December 5-14, 2024


Montana Silversmiths gets bucked off, rises to help during coronavirus pandemic

Apr 30, 2020

Montana Silversmiths gets bucked off, rises to help during coronavirus pandemic

By Brian Hurlburt, Las Vegas Events.

During these unparalleled times during the coronavirus pandemic, people and companies across the United States—and the world—are coming together to help and support those in need. The sport of rodeo has always had a giving reputation–we annually spotlight this generosity in a “Heart of the NFR” feature–and now one of the most notable companies associated with the Wrangler National Finals Rodeo has answered the call. Montana Silversmiths is making a difference, one protective mask at a time, which has now added up to thousands.

When we last saw the much-sought-after handiwork of Montana Silversmiths, it was on display at the historic Thomas & Mack Center as the 2019 world champions were honored after the 10 nights of the world’s biggest and best rodeo. Those deserving cowboys and cowgirl gazed upon their new gold buckles created by the company with awe and appreciation in front of the sold-out crowd, but recently, a more subdued presentations of Montana Silversmiths special items are occurring with just as much—if not more—appreciation and meaning.

Under the direction of Lance Neirby, Vice President of Operations, and with the blessing of the founders, the company took quick action as the coronavirus pandemic and state shutdowns first began to impact cities, states, countries and the economy. Faced with furloughing his entire team of 160 workers, and with the health of Montana’s residents and health workers as a harrowing backdrop, Neirby sought out ideas to keep working, while also making a difference.

His efforts were rewarded when he came upon a Facebook post from the Billings Clinic (Montana) that detailed how neurosurgeon Dusty Richardson, in collaboration with Billings-area dentist Spencer Zaugg, and his son, Colton, had created a blueprint for how to make protective masks with a 3D printer. The trio published the blueprint as an “open source” document and encouraged others to use it.

Stillwater Clinic Nurse with Mask - EditedNeirby made contact with the three, and that jump-started the Montana Silversmiths team into action, and they have been making masks ever since, distributing them to area hospitals, nursing homes, local law enforcement and other areas of need. It has been a heart-warming and worthwhile process because it not only has allowed Neirby to keep workers on the job, but the impact of providing the masks to those on the front lines has been extremely meaningful for the entire Montana Silversmiths team.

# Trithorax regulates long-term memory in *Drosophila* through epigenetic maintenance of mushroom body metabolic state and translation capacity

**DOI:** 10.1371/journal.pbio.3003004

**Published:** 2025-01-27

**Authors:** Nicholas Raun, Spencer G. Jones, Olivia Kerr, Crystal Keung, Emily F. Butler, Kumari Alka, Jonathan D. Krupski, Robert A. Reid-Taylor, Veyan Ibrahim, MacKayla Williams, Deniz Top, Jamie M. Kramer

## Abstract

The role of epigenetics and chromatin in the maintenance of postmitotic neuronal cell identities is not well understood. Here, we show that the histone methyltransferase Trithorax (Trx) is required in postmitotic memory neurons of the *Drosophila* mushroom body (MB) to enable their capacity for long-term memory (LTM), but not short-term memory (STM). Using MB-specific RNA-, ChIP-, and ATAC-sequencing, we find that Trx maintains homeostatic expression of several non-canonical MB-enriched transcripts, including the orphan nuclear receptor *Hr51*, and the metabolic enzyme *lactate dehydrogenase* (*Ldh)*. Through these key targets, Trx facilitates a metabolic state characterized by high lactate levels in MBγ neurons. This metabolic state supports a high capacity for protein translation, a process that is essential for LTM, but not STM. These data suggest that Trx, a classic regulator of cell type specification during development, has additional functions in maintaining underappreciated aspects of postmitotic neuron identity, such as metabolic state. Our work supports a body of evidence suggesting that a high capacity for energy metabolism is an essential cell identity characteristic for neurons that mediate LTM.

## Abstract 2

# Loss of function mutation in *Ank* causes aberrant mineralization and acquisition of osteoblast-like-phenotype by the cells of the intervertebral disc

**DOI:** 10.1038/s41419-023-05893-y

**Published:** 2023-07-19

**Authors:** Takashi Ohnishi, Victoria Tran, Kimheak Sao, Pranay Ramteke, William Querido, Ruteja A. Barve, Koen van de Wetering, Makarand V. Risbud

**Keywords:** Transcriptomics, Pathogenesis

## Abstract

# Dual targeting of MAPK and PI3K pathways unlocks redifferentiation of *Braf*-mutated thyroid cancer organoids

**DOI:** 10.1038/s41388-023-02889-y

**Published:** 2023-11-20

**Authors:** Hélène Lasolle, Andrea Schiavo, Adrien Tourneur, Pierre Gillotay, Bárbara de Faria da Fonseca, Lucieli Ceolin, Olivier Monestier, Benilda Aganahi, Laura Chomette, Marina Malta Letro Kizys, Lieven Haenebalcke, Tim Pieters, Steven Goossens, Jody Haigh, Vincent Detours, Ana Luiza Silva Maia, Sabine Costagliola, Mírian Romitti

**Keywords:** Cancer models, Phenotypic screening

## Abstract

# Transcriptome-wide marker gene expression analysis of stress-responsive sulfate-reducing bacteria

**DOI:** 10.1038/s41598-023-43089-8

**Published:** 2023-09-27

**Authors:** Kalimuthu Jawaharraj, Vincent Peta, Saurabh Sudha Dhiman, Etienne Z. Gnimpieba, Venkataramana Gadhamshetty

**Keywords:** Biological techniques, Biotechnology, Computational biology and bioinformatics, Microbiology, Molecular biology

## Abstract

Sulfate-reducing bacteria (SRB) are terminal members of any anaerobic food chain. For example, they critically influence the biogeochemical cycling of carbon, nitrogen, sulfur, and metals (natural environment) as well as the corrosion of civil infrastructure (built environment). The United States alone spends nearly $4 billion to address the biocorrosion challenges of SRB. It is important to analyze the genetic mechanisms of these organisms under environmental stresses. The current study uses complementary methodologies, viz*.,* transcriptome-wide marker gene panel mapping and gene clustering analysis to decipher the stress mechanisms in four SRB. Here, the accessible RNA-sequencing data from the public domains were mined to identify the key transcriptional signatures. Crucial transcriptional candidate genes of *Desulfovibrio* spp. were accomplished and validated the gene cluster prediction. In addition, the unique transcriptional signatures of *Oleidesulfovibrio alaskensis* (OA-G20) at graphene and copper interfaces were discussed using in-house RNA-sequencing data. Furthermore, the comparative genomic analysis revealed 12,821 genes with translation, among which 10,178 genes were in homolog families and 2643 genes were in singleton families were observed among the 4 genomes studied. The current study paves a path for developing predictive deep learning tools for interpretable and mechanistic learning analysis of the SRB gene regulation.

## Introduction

Judy Wagner, the aunt of 2019 world champion steer wrestler Ty Erickson, is the vice president of marketing for Montana Silversmiths, and is front and center each year as the gold buckles are awarded to the world champions. It was extra special last December because she presented her nephew with the gold buckle. Now, she is front and center for different kinds of presentations.

“I have witnessed a local nurse look at her mask the same way we’ve seen world champions look at their buckles, and that was very compelling and emotional for me and the rest of team that got to visualize that and to be able to create value in this time of need,” Wagner says. “It has really been very gratifying and humbling for all of us at Montana Silversmiths.”

As the world continues to struggle with stemming the pandemic while also formulating ways to ensure a prosperous future, Neirby says the “pivot” to the mask technology has served both purposes well.

“The beauty is that we have kept more than 50 workers employed, while at the same time helping to save lives,” Neirby says. “It gave the opportunity to Montana Silversmiths to continue to be strong and be a leader in our state, because if the state would have shut us down, we would no longer be able to serve any of our current customers who were staying open. It allowed us to remain open and keep people employed in a safe manner.

“In addition to the mask production, we continue to make and ship buckles and jewelry so that we remain relevant to our customers who are challenged to remain viable during these times. We are all humbled and understand the magnitude of what is happening, but we are also taking advantages of the positives and creating a deeper emotional tie with those customers out there. We are also creating new partnerships that are making a huge difference in many people’s lives.”

MONTANA MASKS_12Montana Silversmiths has printed hundreds of masks and also helped bring awareness to the technology, which allowed a partnership to form that has increased production into the thousands.

“To me, none of this would have happened without those three guys in Billings and because of what they did to figure this blueprint,” Neirby says. ;They knew there would be a shortage because they had an inside understanding of the impending infrastructure challenges. For them to open source the information was important and also very generous because that file has now been downloaded in 140 countries.

“They’ve saved countless lives by creating this technology. Also, we were able to make contact with a plastic injection molder in Bozeman and he has now shipped more than 28,000 masks to different areas of need and we are working on a plan to ship 30,000 masks to Guatemala because they just have no personal protective equipment at all. We are doing our best to pay it forward and urge anyone to join us as we look to the future while also keeping people safe.”

Wagner sums up the whole experience with a western lifestyle perspective:

“I’ve grown up in the Western lifestyle and we all kind of share the same philosophy: you get bucked off, you get right back on the horse. And to me, this is what we are witnessing on a much larger scale. It’s the western lifestyle spirit.”